The Aussie was pinned at $0.6411, having shed 1.3% for the week so far to hit a nine-month trough of $0.6365. There is little in the way of chart support until $0.6273, ahead of its 2022 low at $0.6170.

The kiwi was off 1% for the week at $0.5924, after also touching a nine-month low of $0.5903. Support lies around $0.5840, while its 2022 nadir is still somewhat distant at $0.5512.

Adding to unease over China’s economy was strains in its financial system and property sectors, which were pressuring the yuan despite Beijing’s efforts to steady the currency.

Investors were shorting the Aussie and kiwi as liquid proxies for the yuan and China risk in general.

“The deteriorating situation in China means the risk of AUD dipping below $0.6000 before year-end is growing,” said Carol Kong, a currency strategist at CBA.

“Equally, the situation in China also raises the risk the Chinese government unveils a material fiscal pump-priming package, which would support metal prices and AUD.”

So far, Beijing has shown little appetite for such a debt-funded cash splash, leaving the Aussie to twist in the wind.

At the same time a run of upbeat economic news in the United States has led markets to sharply scale back expectations for rate cuts next year and, combined with a massive round of new issuance, pushed longer-term Treasury yields higher.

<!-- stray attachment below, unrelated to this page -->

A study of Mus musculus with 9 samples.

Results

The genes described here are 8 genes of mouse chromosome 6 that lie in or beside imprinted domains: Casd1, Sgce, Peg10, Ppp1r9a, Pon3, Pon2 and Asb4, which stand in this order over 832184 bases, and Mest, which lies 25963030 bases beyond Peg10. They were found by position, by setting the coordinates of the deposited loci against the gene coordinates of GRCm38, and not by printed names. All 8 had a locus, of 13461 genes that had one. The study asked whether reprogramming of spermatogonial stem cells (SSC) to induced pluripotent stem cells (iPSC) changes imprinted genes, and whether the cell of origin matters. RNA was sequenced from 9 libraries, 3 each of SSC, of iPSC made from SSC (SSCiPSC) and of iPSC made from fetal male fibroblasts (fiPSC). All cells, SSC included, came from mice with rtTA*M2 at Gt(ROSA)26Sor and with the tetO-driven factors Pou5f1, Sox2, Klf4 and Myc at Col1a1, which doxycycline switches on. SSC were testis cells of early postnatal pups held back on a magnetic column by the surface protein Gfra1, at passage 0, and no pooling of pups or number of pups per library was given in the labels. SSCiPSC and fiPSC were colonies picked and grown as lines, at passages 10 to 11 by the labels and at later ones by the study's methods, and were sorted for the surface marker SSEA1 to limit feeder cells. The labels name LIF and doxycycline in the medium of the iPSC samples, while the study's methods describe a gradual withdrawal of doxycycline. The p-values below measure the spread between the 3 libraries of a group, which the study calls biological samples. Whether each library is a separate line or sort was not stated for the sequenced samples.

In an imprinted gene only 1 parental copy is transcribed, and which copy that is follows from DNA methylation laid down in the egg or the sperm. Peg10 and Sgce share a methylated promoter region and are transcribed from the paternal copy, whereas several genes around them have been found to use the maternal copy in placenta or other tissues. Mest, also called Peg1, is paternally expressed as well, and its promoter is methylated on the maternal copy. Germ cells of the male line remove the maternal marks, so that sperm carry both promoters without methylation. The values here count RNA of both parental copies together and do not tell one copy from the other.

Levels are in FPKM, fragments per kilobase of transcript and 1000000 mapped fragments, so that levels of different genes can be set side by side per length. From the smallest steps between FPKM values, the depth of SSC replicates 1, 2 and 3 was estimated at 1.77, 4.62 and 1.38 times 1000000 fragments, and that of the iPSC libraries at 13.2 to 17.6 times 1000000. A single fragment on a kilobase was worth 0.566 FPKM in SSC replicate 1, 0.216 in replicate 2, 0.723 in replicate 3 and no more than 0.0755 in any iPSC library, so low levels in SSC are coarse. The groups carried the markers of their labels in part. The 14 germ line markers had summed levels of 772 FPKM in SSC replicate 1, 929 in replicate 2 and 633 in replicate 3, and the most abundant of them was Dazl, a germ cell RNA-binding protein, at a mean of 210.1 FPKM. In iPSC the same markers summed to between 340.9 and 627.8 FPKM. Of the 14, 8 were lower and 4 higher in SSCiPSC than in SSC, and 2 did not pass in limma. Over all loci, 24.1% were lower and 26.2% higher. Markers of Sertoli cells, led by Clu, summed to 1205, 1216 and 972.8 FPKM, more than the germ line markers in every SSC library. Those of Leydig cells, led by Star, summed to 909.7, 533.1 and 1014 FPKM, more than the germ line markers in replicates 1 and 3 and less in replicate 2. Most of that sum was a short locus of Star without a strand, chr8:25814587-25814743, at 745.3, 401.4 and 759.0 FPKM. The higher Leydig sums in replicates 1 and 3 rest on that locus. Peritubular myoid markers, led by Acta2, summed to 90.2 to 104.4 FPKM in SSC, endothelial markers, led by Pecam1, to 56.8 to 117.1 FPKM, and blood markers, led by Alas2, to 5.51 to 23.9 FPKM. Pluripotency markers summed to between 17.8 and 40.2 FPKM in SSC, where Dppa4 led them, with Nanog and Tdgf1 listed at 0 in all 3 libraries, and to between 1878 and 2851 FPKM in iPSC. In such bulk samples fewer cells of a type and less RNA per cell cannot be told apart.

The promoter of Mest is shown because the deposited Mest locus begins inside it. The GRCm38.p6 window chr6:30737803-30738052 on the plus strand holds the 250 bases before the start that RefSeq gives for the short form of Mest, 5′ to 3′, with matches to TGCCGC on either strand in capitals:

This has lifted the US dollar across the board, and particularly on the yen, while slugging bond markets everywhere.

Australian 10-year yields have climbed to nearly their highest since 2014 at 4.29%, even as the Reserve Bank of Australia (RBA) has hinted that it might not have to raise short-term rates again.

Downside surprises in wage and jobs data this week has seen the market price out almost any risk of a rate hike in September and only a 44% chance of another move altogether.

New Zealand’s 10-year yields have spiked to their highest since early 2011 at 5.098%, even though the market again sees only a slight chance of further rate hikes.

While the Reserve Bank of New Zealand (RBNZ) did nudge up its rate outlook this week, policy makers sounded confident they had already done enough to curb inflation.